By MTLskyline at English Wikipedia, CC BY-SA 3.0

The Council of Canadians has asked Catherine McKenna to remove the name of Amherst from an historic site near Charlottetown.

Council of Canadians vice-chairperson Leo Broderick writes, “The Council of Canadians is asking you, as Minster responsible for Parks Canada, to support the request of Dr. John Joe Sark, Keptin of the Mi’kmaq Grand Council (PEI) to remove the name of Amherst from an historic site near Charlottetown and replace it with a more appropriate name in keeping with what the Mi’kmaq people of Prince Edward Island desire. …We therefore ask you Minister McKenna to show respect and sensitivity to the Mi’kmaq people by honouring the request of Keptin John Joe Sark and rename this historic site in consultation with Keptin Sark and the Mi’kmaq nation.”

The Canadian Press has reported, “It’s a ‘grave insult’ that a national park in Prince Edward Island still bears the name of a military general who wanted to kill aboriginal people with smallpox, says a Mi’kmaq leader. John Joe Sark, a member of the Mi’kmaq Nation traditional government, says the name of 18th-century British military commander Jeffery Amherst should be removed from the Port-la-Joye–Fort Amherst historic site near Charlottetown. …’He may be a hero to the colonial government or the Settlers’ Society or whatever, but he’s no hero to the Mi’kmaq people.'”

On Jan. 29, Sark wrote the minister asking her to change the park’s name.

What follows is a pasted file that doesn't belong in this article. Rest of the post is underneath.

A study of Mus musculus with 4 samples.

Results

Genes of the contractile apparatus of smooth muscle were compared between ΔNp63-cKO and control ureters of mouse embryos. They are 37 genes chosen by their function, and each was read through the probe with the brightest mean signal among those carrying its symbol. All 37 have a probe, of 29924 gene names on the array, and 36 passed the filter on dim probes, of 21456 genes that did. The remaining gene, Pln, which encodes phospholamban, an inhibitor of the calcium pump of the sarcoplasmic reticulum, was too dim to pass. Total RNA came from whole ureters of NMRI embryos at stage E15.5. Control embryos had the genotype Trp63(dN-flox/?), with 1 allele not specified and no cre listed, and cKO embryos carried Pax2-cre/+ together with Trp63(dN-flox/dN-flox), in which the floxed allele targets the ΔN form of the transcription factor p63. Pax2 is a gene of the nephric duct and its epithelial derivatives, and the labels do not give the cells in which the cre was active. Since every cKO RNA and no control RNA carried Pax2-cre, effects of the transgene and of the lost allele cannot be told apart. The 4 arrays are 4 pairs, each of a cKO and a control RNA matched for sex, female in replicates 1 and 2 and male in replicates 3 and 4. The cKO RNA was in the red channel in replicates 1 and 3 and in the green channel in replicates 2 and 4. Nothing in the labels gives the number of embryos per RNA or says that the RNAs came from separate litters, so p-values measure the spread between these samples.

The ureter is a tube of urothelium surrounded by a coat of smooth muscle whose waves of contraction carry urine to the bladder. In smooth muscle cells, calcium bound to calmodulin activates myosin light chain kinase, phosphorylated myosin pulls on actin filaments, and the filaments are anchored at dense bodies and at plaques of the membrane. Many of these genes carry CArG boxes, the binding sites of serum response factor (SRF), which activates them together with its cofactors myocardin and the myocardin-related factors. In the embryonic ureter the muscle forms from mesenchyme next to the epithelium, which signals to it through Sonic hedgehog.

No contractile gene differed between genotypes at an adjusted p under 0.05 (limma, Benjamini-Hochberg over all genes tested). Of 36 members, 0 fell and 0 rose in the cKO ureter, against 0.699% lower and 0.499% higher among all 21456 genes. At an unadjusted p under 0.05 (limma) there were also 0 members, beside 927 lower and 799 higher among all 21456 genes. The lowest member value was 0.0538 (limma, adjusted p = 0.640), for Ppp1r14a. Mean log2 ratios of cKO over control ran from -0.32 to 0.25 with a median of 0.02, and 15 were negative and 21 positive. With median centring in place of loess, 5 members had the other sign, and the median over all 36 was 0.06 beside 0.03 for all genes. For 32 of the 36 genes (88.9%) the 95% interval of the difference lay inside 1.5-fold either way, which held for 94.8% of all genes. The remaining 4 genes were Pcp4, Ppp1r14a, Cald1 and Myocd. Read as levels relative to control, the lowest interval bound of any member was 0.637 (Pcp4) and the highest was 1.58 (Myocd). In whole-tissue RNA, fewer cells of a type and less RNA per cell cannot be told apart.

As of Feb. 8, McKenna’s office had not responded to Sark. But CBC reports, “[On Feb. 8], Parks Canada responded in an email to CBC News outlining the process for such a change while not committing to it. ‘Should there be a formal request from the public to change the name of the National Historic Site, Parks Canada would engage with the Historic Sites and Monuments Board of Canada for its recommendation’, said Barb MacDonald, Parks Canada’s external relations manager. …It’s not clear whether Sark’s letter to the minister constitutes a ‘formal request’ as laid out in the email.”

CTV has previously reported, “Author and Mi’kmaq advocate Daniel N. Paul said he [also] supports Sark’s efforts. ‘Let’s put it this way, in the future I don’t think there should ever be anything named after people who committed what can be described as crimes against humanity. I don’t see why this should be any exception.'”

To read Broderick’s letter, please click here.

If you would like to send a similar message to the minister, you can email her at Catherine.McKenna@parl.gc.ca.